Stephanie Holmes checks into Dufur's Historic Balch Hotel, in Oregon.


Dufur, a very small city in rural Oregon, about 21km from the larger (but not that large) city, The Dalles. When I say small, I mean it; the population of Dufur — a city that spans 1.5sq km — was 638 in the last census back in 2017.

Getting there: It's just over a 90-minute drive from hipster haven Portland, but it feels like a world away. Dufur is between the Columbia River Gorge and the Oregon High Desert and sits among beautiful rolling wheat fields, orchards and farmland. It's a really beautiful area. Make sure you stop at the waterfalls along the way and make a detour to the Rowena Peaks viewing area for incredible views across the Columbia River, across the border to Washington State and further into the Oregon countryside.


First impressions: The grand, red-brick building is a stand-out landmark on the road out of town. As we pulled up it was glowing in the golden-hour sunlight.

Hotel history: The three-storey Edwardian-style building was built in 1907 and opened as a hotel in 1908. The location was chosen for its proximity to a stagecoach stop serving Barlow Rd on the Oregon Trail, which linked St Louis to Oregon City, and for travellers on the Great Southern Railroad. The hotel had hot water, steam heat and electric lights in every room on opening — a rarity in the area at the time, making it popular with travellers. Fortunes turned in 1928 when the railroad left town and the hotel was turned into, variously, a motel, boarding house, and private home. In 1986, a Portland contractor bought the building, refurbishing it to its former glory, and in 1987 the building was added to the National Register of Historic Places. Ownership has changed hands a couple of times since then — most recently in 2015 when Southern Oregon's Claire Sierra and Josiah Dean bought it and added dining, spa and art gallery, aiming to make it part of the community as well as a place for those passing through.

Check-in experience: No one was there to greet us when we arrived, but on-duty manager Debra wasn't far away — she'd just popped up the road to the food market to get some lunch. She was hugely apologetic, even though we'd only had to wait a couple of minutes and were happy checking out the historic hotel's stunning interior — all wooden floorboards, grand staircases, leaded window panes and — outside — views to Mt Hood.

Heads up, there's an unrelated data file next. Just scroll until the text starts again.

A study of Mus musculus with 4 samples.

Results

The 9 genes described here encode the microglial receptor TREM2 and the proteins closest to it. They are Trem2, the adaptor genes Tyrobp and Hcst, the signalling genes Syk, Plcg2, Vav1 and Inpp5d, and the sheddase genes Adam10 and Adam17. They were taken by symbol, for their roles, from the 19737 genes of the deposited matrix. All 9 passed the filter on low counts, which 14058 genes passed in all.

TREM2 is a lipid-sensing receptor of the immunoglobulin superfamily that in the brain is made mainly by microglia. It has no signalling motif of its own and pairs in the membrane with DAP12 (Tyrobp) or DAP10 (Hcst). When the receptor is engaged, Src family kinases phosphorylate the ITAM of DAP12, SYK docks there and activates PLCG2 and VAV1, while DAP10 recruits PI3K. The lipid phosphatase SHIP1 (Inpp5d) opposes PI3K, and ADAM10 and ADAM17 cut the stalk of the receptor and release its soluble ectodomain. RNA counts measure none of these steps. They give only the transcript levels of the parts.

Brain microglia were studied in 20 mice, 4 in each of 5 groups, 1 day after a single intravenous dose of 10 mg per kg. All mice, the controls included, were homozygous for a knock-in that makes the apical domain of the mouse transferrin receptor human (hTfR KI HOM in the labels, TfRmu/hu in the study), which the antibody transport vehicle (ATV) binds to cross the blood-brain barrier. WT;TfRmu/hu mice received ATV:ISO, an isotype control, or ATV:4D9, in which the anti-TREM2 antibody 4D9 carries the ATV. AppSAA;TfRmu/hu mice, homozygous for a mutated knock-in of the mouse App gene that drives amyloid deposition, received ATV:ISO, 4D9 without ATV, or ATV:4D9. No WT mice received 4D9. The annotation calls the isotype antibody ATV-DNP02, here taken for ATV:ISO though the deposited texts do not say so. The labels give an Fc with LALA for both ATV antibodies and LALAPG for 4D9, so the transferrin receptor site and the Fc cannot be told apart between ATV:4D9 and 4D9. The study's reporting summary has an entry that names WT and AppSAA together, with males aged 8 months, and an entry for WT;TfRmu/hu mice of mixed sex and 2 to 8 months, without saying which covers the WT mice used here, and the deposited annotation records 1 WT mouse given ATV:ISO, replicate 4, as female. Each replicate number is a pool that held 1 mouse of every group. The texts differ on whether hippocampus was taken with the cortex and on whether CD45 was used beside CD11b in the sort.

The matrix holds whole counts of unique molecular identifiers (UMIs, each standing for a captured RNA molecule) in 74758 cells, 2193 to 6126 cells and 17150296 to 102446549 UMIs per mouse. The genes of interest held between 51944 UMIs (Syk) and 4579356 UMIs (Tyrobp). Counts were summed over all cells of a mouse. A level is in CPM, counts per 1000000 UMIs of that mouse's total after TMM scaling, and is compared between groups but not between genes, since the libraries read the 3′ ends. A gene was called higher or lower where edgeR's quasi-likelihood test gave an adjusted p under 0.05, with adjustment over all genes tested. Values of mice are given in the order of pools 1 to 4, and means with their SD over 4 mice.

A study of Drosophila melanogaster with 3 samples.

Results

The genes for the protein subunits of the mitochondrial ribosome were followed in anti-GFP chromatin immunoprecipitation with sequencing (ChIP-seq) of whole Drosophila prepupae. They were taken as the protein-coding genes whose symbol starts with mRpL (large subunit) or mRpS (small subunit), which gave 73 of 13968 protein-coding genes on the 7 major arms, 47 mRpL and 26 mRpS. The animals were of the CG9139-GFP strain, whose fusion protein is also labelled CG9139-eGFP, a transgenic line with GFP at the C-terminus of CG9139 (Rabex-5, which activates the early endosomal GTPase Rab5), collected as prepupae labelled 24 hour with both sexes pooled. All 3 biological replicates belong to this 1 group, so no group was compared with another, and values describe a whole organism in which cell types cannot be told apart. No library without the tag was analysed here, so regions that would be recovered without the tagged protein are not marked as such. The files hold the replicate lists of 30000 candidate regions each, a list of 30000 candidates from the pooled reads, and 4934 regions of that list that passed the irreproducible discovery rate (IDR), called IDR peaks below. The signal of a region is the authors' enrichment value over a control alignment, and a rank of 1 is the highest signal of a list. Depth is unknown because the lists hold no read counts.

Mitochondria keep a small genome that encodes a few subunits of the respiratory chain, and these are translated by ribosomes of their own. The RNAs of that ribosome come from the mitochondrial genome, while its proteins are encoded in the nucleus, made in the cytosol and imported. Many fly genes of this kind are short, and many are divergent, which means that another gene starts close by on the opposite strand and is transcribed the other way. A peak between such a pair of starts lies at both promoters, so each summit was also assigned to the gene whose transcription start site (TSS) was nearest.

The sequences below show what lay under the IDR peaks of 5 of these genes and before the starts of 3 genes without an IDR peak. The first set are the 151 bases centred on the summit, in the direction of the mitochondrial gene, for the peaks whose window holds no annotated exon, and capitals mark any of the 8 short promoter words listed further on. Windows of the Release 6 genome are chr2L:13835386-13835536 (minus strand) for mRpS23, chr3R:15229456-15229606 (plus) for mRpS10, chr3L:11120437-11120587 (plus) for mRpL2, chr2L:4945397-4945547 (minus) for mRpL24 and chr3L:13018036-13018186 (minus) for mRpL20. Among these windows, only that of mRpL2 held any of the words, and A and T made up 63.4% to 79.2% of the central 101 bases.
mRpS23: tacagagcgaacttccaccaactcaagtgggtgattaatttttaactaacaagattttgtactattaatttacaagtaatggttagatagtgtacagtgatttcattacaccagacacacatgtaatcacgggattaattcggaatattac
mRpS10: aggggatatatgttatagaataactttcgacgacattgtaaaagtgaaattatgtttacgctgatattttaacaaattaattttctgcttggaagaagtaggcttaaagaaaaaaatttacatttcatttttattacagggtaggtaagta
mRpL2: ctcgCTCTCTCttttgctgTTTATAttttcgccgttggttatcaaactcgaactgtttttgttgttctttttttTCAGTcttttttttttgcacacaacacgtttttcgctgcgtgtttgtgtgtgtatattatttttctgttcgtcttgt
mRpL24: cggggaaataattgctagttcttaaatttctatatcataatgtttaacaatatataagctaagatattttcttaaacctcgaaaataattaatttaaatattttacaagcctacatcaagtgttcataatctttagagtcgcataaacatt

Need to know: The hotel is part of the Bike Friendly Programme, a network of tourism-related businesses around the state that provide supplies and services to cyclists.

Children and pets are not allowed as overnight guests.

Room: A queen room with en suite bathroom. There are 19 rooms and some have shared bathrooms. My queen room was compact — not much room to spread out — but it was comfortable and pretty, with high ceilings, vintage furnishings and views out to the surrounding fields.

Bed: A wrought iron bedstead and vintage-style floral bedspread and pillowcases. Comfortable and cosy.

Bathroom: Small, but with a claw-foot bathtub and shower over the bath. Plus a window for natural light.


Facilities: The hotel has breakfast available from 8.30-10am and a light bites menu available until 8pm. Local wines and beers — Oregon has an abundance of great craft breweries and wineries — are available too. There's a small spa on site, offering reiki, chakra balancing, reflexology, facials and massages. Claire Sierra is a "spa priestess" and wellness retreat director as well as a certified True Purpose coach and author of The Magdalene Path: Awaken the Power of Your Feminine Soul, if you're into that kind of thing.

Wi-Fi: Free and surprisingly fast considering our remote location.

Noise: Absolutely nothing outside — a stark contrast for anyone who's stayed a few nights in Portland first. It's complete, rural silence. The only noise is a few creaky floorboards and low murmurs from guests in neighbouring rooms.

Perfect for: A peaceful countryside retreat as part of a road trip through Oregon.